Scandal upon scandal has dominated the airwaves and the web. Other than those involved, we have no way of knowing the truth or misremembering of the allegations. But we do know it is beyond sad that our congressional representatives who have the privilege and honor to serve their country have used the public purse to whitewash their misdeeds. These critters certainly know how to drag a noble calling into the gutter.

In the case of medicine, it is not the few well-publicized bad apples, but government and corporations injecting themselves into clinical practice that is driving the downward trajectory of patient care. The days of the physician as an independent member of the community are fast waning—thanks to those paragons who run our country.

According to an American Medical Association survey, by 2016 only 47.1 percent of practicing physicians owned their own practice. Another report noted that hospitals acquired 31,000 physician practices, a 50 percent increase, from 2012 to 2015.

Now UnitedHealth Group plans to purchase the physician group from DaVita, a chain of dialysis centers, adding to their urgent care and surgery centers. Insurers owning (enslaving?) physicians is hoped to contain costs. While innovation in improving delivery of medical care is laudable, it is not without risks. Patients likely will have fewer choices of physicians or be told whom to see. As far as insurance pricing, economists agree that more competition benefits consumers.

We must be wary: as these behemoths consume and control medical care, sins are mounting. A few transgressions include Northern California’s Sutter Health that intentionally destroyed 192 boxes of documents that employers and labor unions sought in a lawsuit that accuses Sutter of abusing its market power and charging inflated prices. Anthem, the second largest health insurer in the U.S., was fined $5 million by California’s Department of Managed Health Care for “flouting the law” in dealing with consumer complaints. In 2016, insurance company denials were overturned in nearly 70 percent of medical review cases. California had already fined Anthem more than $6 million collectively for grievance-system violations since 2002.

And the federal government has stacked the deck in its new Quality Payment Program that “adjusts” physicians’ government payments if they don’t comply with the complex metrics. First, electronic medical records are a must. On the clinical front, anesthesiologists are scored on the percentage of current smokers who abstain from cigarettes prior to anesthesia on the day of elective surgery or procedure. Is the anesthesiologist supposed to send a proctor home with the patient? How is patient compliance grafted on to a physician whom the patient just met—no matter how convincing the anti-smoking pitch?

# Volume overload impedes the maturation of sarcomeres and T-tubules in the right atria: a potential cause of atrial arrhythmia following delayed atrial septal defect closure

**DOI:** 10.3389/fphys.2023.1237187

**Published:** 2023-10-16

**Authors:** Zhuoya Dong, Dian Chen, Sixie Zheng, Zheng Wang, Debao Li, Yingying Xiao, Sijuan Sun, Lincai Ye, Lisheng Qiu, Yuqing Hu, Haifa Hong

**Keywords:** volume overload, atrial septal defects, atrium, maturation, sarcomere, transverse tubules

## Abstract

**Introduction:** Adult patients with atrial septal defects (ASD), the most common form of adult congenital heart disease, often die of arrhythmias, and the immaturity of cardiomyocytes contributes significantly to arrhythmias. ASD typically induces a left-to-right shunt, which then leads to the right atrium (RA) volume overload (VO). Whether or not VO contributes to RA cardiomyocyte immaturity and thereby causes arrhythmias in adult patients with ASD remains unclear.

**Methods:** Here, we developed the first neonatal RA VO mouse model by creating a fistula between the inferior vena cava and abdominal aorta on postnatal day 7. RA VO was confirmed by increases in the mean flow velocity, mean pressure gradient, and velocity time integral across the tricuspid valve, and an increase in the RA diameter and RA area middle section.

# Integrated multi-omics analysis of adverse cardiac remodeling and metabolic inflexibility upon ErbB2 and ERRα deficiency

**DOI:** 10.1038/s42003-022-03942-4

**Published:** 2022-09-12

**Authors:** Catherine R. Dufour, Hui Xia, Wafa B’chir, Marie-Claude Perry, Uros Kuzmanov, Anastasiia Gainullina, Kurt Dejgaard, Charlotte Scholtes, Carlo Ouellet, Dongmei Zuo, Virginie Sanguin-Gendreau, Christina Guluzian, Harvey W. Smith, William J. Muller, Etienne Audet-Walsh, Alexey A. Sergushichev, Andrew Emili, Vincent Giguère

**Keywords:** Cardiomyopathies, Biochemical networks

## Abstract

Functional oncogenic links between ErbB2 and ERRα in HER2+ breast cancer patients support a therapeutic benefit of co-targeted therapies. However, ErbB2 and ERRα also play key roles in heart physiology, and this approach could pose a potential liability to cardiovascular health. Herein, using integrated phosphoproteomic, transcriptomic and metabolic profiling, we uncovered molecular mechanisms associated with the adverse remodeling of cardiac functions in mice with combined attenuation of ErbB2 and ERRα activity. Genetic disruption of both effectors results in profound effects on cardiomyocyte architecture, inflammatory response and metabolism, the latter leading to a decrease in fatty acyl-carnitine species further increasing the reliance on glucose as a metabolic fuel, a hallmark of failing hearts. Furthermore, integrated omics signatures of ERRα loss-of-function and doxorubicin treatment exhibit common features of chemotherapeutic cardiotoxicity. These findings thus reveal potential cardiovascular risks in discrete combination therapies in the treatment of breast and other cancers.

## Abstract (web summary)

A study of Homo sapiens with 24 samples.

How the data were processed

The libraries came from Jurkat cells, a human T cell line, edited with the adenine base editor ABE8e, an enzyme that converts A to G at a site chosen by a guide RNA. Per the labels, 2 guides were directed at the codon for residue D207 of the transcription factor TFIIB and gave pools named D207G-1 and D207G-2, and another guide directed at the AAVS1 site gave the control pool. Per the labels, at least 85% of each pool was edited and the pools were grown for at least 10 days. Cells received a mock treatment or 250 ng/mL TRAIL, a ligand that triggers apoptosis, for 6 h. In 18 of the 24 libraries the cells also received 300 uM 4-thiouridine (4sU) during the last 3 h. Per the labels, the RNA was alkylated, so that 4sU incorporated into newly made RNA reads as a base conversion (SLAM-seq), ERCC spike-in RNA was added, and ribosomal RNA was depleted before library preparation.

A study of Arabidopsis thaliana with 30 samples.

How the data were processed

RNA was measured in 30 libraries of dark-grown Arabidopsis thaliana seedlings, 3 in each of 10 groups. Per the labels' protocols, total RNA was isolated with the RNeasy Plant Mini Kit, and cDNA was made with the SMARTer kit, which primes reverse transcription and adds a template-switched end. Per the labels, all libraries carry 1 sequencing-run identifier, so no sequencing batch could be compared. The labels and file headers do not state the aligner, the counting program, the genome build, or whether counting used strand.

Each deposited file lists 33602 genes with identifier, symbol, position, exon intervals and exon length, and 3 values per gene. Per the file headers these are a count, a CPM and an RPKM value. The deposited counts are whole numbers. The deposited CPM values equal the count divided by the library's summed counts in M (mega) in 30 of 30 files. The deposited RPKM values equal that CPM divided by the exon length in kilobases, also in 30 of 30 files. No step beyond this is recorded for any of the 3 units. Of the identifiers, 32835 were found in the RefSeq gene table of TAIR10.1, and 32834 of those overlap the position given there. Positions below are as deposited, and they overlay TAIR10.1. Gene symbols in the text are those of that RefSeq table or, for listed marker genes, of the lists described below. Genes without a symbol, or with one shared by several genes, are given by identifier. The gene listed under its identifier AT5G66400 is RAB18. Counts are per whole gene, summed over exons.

And then for internists, there are “Additional improvements in access as a result of QIN/QIO TA” [Quality Improvement Network/Quality Improvement Organization technical assistance]. Or participation in a QCDR that promotes the use of patient engagement tools. And what is a QCDR? A qualified clinical data registry. “A QCDR is a CMS-approved entity (such as a registry, certification board, collaborative, etc.) that collects medical and/or clinical data…”

The new medicine is forcing the remaining independent physicians to devolve from trusted confidants to automatons in order to survive in medicine’s brave new world. And it is not so pleasant for the patients: the algorithms, electronic computer screens, and hospitalists taking over care often with no consultation with the primary care physician.

Call me old-fashioned, but I come from a line of private practitioners who provided “population health” by being an integral part of the community. The Bradfield Community Association of Lima, Ohio, was formed in 1938 and named after my grandfather, Joseph C. Bradfield, M.D., a World War I veteran and beloved physician. The San Diego Board of Supervisors adjourned in memory of the death of my father, E.B. Singleton, M.D., a Tuskegee flight surgeon and primary care physician who charged people what they could afford and accepted tamales as payment. He didn’t need to take classes on dealing with denied insurance claims or filling our government forms.

Dr. Benjamin Rush, a signatory of the Declaration of Independence said, “Without virtue there can be no liberty and liberty is the object and life of all republican governments.” Liberty is also the cornerstone of good medical care.

Ask yourself do government bureaucrats and nameless faceless insurers have the moral authority to tell us what is just in delivering medical care to our populace? If the current happenings do not convince you that you and your private physician are your best advocates, then nothing will.